Sunday, September 21, 2014

Dozen-plus hiking trails show off natural wonders of Wisconsin's Interstate State Park

St. Croix River from Summit Rock Trail.
Fantastic rock formations, a swimming beach, and waterfalls await day hikers at Wisconsin Interstate State Park.

More than a dozen trails crosscross the popular park near St. Croix Falls, Wis. The park entance is located on Wis. Hwy. 35 just south of U.S. Hwy. 8.

Among the trails that can be day hiked at the state park are:
g Eagle Canyon Trail – The path links the Summit Rock and the Lake O’ the Dalles trails in a 0.7-mile loop. If the day is hot, you’ll instantly cool down on the trail as the nearly sheer, talus canyon walls moderate the temperature.
g Eagle Peak Trail – Though short at 0.8 miles, it climbs 120 feet in elevation, including up stone stairs, to the park’s highest point, Eagle Peak. The trailhead begins at the Pines Group Camp. A short side trail passes a traprock quarry built by the CCC during the 1930s.
g Horizon Rock Trail – The westernmost steps of the Ice Age National Scenic Trail end with this 0.5-mile route, which runs northwest between the Ice Age Visitor Center and the Pothole Trail. The trail descends the forested bluff to a creek bed where you’ll instantly cool off on humid days.
g Ladder Tank Trail – The short trail can be reached without having to enter the park; instead, park in downtown St. Croix Falls along Washington Road between U.S. Hwy. 8 and Kentucky Street with the trailhead on the road’s west side. The trail runs atop a tall ridge offering fantastic views of the St. Croix River with visibility of up to eight miles on clear days.
g Lake O’ the Dalles Trail – A 1-mile loop circles the 23-acre Lake O’ the Dalles. The trail offers exceptional opportunities to view wildlife and a swimming beach.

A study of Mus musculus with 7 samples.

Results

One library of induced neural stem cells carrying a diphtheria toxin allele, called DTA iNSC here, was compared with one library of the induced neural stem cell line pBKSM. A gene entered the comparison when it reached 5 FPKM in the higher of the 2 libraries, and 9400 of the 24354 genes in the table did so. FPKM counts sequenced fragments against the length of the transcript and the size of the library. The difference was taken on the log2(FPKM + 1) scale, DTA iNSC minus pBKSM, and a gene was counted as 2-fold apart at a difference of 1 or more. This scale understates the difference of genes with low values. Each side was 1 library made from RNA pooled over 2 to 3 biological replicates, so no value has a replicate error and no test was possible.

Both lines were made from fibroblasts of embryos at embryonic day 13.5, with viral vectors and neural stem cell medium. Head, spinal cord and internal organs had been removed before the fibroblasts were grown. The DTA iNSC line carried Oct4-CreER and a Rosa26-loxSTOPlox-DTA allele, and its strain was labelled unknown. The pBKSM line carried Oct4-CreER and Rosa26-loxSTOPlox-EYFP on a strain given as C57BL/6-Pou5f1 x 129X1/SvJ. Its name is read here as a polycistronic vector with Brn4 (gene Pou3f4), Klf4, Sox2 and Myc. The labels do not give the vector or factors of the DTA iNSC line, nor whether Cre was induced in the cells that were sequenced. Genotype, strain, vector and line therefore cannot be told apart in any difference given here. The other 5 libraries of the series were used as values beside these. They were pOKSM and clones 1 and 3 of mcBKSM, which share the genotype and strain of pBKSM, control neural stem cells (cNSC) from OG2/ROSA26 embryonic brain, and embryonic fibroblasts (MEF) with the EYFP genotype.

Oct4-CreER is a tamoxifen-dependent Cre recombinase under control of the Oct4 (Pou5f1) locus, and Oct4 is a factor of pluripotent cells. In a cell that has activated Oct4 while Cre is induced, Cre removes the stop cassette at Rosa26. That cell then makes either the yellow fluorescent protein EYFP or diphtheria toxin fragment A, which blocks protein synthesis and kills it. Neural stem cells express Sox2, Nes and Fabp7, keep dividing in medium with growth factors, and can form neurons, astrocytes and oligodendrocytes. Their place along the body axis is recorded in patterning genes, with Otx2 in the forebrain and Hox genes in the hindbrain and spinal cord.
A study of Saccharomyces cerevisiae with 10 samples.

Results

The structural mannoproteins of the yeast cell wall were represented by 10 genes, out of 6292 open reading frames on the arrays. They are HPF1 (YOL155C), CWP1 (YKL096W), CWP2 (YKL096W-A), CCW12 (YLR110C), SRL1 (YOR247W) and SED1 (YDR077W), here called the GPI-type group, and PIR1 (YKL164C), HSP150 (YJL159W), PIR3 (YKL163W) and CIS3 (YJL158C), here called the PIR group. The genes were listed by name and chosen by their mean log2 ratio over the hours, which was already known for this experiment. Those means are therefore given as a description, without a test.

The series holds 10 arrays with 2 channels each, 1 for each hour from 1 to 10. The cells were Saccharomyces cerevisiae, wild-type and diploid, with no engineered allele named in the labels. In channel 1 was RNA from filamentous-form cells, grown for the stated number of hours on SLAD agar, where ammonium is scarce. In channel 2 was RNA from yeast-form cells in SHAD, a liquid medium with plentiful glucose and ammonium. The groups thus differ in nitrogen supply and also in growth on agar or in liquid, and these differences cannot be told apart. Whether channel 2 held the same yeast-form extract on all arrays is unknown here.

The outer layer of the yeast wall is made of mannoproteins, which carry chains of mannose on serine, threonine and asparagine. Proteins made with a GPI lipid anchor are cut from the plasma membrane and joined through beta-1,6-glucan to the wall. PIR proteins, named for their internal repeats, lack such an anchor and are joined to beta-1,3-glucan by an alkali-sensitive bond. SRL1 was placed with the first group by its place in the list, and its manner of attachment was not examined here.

g Pothole Trail – When floods from melting glaciers swept through at the end of the last Ice Age, swirling water literally drilled holes into the basalt rock underlying this region. The 0.4-mile loop takes you past a number of these interesting geological features.
g Ravine Trail – The 0.5-mile trail drops 260 feet from the valley rim to a shelter, the amphitheater, and a picnic area at the beach parking lot. It is a spur off the Skyline Trail.
g River Bluff Trail – This 0.7-mile trail takes hikers between the St. Croix River gorge and the Lake of the Dalles. The rocks and sparse vegetation gives it a Rocky Mountain feel.
g Skyline Trail – The route runs for 1.6 miles (3.2-miles round trip) northeast from the valley’s forested rim through rock-covered ravines. It passes the Ravine Trail and then the Skyline Nature Trail junctions. Wooden benches are along the way.
g Skyline Nature Trail – The 0.75-mile trail loops though several plant communities. Interpretive signs describe how those communities differ as the landscape changes. The Ice Age National Scenic Trail runs east from the loop behind the visitor center toward the park entrance.
g Silverbook Trail – To get away from the park crowds, hike this 1.2-mile trail (2.4-miles round trip) to the park’s remote, forested southern end. It passes an abandoned copper mine, the Silverbrook Mansion grounds, then reaches the trail’s highlight: 18-foot Silverbrook Falls.
g Summit Rock Trail – The trail takes hikers to the park's best vista. It runs atop billion-year-old lava flows, the sands of a 500-million-year-old sea, and at the edge of a massive glacial flood from 10,000 years ago.
g Talus Slope Trail-Meadow Valley Trail – A steep switchback, the Talus Slope Trail links the Horizon Rock Trail to the 0.3-mile Meadow Valley Trail. Meadow Valley crosses through ferns, mosses and various wildflowers on what is now an extinct riverbed carved by glacial meltwaters during the last ice age.

Read more about day hiking Interstate State Park in my Hittin’ the Trail: Day Hiking Wisconsin and Minnesota Interstate State Parks guidebook.